Tuesday, December 24, 2013

Joy Will Come


Grief, I think, is felt more deeply at Christmas than any other season of the year.

It steals your breath and sinks like lead to the pit of your stomach.

It cries out against the sentiments that Christmas is a happy, jolly time.  It threatens the very idea of joy.

How can I find joy, it says, when my daughter's life was cut short by the hatred of another?

Where is joy for the mother who grieves the loss of her babies while she recovers in a hospital bed?

Or for the wife who sleeps alone at night instead of being held close by the arms of the man she thought would be by her side forever?  For the mother who sits across from her child at a table in a prison visitation room rather than her own dining room?

Find the joy in that, Grief challenges.

And yet, Christmas is "supposed" to be the most joyful time of the year.  We sing songs about it, we preach sermons about it, we celebrate it.

But do we experience it?  As the weight of grief, injustice, sorrow press down on us, suffocating us, do we find joy?

I think about the hundreds of parents in Israel whose children were slaughtered by a jealous and paranoid king.  Would they have found joy in that first Christmas?

Would the whisper of hope have been enough to pierce through the heavy veil of grief and spark a flicker of joy in their hearts?  Is it enough today?

Because Jesus is just as real today as He was 2000 years ago.

He still beckons us to come and find in Him everything we need to bear the weight of life, of grief.  He still promises to deliver us from the oppression of the world that surrounds us.  He promises that we do not have to carry the weight of that world by ourselves.  He promises that there IS something better, that there is a world where joy is untainted by sorrow.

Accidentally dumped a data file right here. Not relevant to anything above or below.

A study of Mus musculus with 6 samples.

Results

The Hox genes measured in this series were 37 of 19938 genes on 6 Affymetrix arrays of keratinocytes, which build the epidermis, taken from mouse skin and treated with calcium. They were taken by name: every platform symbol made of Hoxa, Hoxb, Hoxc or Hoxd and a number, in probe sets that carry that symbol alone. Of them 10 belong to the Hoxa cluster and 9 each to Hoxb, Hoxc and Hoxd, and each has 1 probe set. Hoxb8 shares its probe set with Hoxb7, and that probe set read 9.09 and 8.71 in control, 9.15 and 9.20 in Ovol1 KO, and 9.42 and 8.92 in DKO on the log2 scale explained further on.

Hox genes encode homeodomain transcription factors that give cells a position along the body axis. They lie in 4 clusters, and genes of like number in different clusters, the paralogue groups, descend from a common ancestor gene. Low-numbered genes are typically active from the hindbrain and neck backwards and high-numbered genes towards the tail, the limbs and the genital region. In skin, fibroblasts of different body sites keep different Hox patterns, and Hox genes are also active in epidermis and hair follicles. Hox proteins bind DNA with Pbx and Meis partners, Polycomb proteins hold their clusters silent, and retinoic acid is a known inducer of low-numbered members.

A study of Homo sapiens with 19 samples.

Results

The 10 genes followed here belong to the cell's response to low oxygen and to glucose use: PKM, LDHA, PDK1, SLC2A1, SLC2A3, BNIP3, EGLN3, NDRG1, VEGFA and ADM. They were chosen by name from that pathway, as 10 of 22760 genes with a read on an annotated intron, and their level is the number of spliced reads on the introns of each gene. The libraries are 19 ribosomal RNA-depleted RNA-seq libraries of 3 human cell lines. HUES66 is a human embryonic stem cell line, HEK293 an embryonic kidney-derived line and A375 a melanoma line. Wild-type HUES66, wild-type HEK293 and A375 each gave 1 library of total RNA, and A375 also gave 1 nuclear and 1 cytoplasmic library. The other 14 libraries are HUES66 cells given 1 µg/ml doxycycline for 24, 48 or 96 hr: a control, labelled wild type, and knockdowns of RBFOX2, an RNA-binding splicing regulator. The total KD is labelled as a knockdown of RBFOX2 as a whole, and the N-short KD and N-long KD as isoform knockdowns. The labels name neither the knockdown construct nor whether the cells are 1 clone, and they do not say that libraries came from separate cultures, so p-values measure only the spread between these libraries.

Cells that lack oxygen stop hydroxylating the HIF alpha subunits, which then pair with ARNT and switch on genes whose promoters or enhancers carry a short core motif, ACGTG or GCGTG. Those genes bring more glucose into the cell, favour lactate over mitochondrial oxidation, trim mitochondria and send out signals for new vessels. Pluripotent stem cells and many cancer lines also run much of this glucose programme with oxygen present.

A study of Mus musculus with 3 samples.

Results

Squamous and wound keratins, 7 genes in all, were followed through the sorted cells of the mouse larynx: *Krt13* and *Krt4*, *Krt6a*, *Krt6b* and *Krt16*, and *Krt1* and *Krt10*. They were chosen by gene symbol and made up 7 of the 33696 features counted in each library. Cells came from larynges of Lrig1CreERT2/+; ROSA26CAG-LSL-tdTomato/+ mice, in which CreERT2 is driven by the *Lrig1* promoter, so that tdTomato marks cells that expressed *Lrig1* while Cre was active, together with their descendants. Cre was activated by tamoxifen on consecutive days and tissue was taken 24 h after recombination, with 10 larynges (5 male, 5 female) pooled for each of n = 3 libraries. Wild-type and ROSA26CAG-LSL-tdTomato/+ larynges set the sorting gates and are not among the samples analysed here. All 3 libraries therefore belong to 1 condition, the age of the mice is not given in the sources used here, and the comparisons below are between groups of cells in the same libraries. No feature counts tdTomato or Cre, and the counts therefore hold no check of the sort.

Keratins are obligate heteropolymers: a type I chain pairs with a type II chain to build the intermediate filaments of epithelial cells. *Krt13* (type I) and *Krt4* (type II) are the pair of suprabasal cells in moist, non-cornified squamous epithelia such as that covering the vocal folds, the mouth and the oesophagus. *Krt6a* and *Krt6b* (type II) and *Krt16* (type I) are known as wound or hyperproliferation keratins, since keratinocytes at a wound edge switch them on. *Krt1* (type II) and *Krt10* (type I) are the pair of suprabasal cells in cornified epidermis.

Psalm 30:5 promises that our weeping may last for a night -- or a year, or a lifetime -- but joy will come.  It will not come instead of the pain, but in spite of it, maybe even in the midst of it.  It will come when we carry our grief into His presence and lay it at His feet.

It will come when we continue to fix our eyes on Him, even in the midst of turmoil (Hebrews 12).

Joy will come.

Because joy isn't feeling happy or jolly or merry, or any of those "Christmasy" feelings.  JOY is knowing that Jesus is alive and that He conquered our enemy and the grave.  JOY is knowing that Jesus is very real and that He dwells in the midst of our pain and suffering.  JOY is found in the presence of our Savior.

Yes, Joy will -- and has -- come.

My sweet friends and family who are experiencing the unbearable weight of grief this Christmas, I pray you find the Hope and Joy of Jesus in spite of your sorrow.  I pray you will let Him wrap His arms around you and hold you close.  I pray you will sob into His shoulder like you would your earthly father and find comfort in His unfathomable love.  Oh, how I pray that you will trust Him to carry you through this enormously difficult time.  Run to Him, lean on Him, rest in Him.  He loves you so.